Digitech has announced a new looper, the Jamman Solo XT. It’s an interesting device. It takes the form factor of the Jamman Solo–a small stompbox–and adds stereo inputs and outputs…

Digitech has announced a new looper, the Jamman Solo XT. It’s an interesting device. It takes the form factor of the Jamman Solo–a small stompbox–and adds stereo inputs and outputs plus a very intriguing new feature that I haven’t seen on the market before: the ability to chain Solo XT pedals in order to synchronize loops of different lengths.

JamMan Solo XTs linked

I haven’t played through this device, but based on the specs and my experience with the JamMan Solo, I have a few comments. The Solo XT keeps all of the features that made the JamMan Solo a useful device with good value for money. (See my review of the JamMan Solo and JamMan Stereo). Stereo in and out is obviously nice to have, especially if you’re using the device for backing tracks in live performance. Linking and synchronizing loops of different lengths (for which you’d need two or more XTs, of course) solves a lot of problems in performance.

On the other hand, without the optional footswitch (which adds $35 or so to the price), erasing loops takes 3 seconds in performance, which is a lot when you’re standing there waiting for the loop to go away. Linking XTs will use more floor space, and if you add the optional footswitches for each device, might get confusing fast. (I don’t know yet whether the link function allows you to use one external footswitch to control the whole linked setup.)

The real issues show up when we consider price for performance. Adding JamMan Solo XTs gets pricey pretty quick at $200 per unit (my estimated street price). The Boss RC-300, a very powerful loop device that offers 3 independent loops of different lengths in a single box plus plenty of other features (including FX, independent volume controls for each loop track, and very nice sampled drum sounds), sells for well under $500 street price. The Boss RC-30 will do two independent loops (same as a pair of Solo XTs) for less than $300 street price, and includes real drum sounds as well as a few useful FX. Both Boss devices include USB, 99 loop slots and about 3 hours total recording time, and unlike the XT, you can back up a complex multi-loop setup from one device, which really simplifies management of your loops.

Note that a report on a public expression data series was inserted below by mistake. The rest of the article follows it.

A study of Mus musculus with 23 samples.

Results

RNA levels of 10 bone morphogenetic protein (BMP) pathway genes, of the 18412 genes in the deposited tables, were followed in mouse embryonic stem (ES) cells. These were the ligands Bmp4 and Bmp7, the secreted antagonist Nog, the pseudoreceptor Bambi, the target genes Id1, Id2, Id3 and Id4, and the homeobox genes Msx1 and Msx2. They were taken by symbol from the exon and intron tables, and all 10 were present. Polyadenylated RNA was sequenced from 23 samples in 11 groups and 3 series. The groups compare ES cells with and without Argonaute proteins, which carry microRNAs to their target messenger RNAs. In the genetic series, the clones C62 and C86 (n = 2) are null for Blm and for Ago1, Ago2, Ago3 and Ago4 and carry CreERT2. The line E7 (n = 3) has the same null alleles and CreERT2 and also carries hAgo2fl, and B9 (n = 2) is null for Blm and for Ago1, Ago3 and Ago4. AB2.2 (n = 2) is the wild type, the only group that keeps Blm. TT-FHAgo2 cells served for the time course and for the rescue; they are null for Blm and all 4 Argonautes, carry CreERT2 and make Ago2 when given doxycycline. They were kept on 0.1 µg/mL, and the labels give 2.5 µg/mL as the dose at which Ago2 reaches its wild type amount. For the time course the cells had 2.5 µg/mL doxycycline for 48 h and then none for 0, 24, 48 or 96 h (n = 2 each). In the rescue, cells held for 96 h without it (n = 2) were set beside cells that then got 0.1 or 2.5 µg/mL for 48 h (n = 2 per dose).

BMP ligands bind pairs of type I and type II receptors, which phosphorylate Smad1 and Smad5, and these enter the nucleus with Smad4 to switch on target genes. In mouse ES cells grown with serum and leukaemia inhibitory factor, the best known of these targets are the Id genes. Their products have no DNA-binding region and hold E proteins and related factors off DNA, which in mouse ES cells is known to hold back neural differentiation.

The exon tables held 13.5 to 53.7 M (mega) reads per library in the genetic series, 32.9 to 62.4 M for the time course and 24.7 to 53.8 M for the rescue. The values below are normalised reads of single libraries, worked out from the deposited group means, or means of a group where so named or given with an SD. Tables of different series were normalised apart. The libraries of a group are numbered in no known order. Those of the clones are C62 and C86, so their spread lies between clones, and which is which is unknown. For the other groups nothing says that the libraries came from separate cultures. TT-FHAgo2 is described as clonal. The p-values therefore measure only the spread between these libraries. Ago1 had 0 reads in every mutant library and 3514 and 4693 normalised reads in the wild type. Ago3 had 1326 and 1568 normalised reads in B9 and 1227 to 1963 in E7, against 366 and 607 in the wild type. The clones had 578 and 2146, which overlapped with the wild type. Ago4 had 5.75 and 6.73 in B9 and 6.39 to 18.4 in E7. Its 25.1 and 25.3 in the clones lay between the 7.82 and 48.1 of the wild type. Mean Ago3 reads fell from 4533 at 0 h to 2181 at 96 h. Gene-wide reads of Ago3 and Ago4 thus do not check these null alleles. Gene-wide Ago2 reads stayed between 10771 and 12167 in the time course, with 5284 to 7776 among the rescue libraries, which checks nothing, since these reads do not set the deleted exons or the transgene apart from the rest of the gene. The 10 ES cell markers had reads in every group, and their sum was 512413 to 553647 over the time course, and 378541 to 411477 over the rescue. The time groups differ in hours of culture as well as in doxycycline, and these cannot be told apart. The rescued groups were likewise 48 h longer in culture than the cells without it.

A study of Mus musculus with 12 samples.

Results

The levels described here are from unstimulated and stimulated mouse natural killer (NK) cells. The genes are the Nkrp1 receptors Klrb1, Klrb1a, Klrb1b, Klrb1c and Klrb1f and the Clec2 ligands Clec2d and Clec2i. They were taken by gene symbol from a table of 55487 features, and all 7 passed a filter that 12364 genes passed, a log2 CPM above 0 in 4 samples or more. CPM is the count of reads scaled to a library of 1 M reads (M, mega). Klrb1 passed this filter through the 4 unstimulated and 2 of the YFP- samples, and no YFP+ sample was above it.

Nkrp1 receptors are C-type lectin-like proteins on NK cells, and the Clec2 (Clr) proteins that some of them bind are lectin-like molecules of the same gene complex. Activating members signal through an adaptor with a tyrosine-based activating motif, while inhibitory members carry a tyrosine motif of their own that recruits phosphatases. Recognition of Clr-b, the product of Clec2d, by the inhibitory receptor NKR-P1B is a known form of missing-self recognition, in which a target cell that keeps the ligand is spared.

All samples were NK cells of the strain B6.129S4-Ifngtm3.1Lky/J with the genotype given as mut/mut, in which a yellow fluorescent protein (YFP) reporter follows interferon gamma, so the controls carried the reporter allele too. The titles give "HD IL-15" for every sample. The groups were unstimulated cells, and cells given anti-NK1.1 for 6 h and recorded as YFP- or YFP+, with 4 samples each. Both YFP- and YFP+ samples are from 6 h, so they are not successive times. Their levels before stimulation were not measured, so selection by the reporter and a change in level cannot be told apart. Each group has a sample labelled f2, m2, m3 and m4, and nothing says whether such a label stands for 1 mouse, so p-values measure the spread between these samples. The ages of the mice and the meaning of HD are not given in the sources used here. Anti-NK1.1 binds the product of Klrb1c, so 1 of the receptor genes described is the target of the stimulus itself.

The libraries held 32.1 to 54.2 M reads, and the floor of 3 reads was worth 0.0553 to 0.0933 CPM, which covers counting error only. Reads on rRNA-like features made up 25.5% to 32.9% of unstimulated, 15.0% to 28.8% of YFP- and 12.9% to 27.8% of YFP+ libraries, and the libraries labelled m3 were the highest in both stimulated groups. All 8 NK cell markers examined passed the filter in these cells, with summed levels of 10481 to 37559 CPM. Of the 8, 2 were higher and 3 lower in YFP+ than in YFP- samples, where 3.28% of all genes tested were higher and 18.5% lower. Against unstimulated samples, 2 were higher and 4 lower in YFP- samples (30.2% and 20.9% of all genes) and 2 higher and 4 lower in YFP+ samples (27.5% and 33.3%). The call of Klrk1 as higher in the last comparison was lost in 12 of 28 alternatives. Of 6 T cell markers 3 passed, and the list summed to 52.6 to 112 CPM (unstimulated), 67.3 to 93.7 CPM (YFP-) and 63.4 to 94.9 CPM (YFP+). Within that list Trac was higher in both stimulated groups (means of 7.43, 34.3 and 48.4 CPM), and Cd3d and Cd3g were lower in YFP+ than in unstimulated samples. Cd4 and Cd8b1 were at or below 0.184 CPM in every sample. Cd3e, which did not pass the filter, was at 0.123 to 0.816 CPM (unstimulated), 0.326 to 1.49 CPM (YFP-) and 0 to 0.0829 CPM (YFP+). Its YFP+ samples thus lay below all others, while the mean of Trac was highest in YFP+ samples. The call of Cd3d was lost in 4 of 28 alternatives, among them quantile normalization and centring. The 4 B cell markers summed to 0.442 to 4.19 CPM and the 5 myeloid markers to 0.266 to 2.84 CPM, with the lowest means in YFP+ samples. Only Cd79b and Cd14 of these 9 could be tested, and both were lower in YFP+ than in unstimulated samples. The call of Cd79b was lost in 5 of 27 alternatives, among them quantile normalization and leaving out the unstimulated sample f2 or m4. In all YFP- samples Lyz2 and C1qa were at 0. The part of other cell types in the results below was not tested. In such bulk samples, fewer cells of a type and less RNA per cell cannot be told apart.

Boss RC-30

Summary: If you were thinking of a Jamman Solo before, this is an obvious purchase. Keep in mind that as soon as you add another XT, you’ve doubled your initial investment to deliver capabilities that are available at a lower price with a better form factor and easier computer-based loop management from Boss.

3 Comments

  1. The XT Solo – plus the FS3 – you can dump your own backing tracks/progressions (verse, chorus,verse.bridge) onto an SDHC card – the footswitch will progress you back and forth through the different tracks – check the section Multiple Loop Playback in the manual.

    It’s a pedal operated sampler – I dont think the Boss rc3 does this (?)

  2. You’re right–the RC3 doesn’t give you external storage via SD card. That feature to me is worth a lot, because–as you note–it makes the Digitech device a bi-directional extension to your full computer-based sampling and composition setup.

    Even the heavier-duty Boss devices like the RC-30 and and RC-300 don’t give you extensible on-board storage via SD card (or anything else), though they do give you a USB connection to store loops on the computer, plus software to manage those loops.

    Digitech is still the value-for-money leader where extensibility and connections are concerned–even more so with the Solo XT.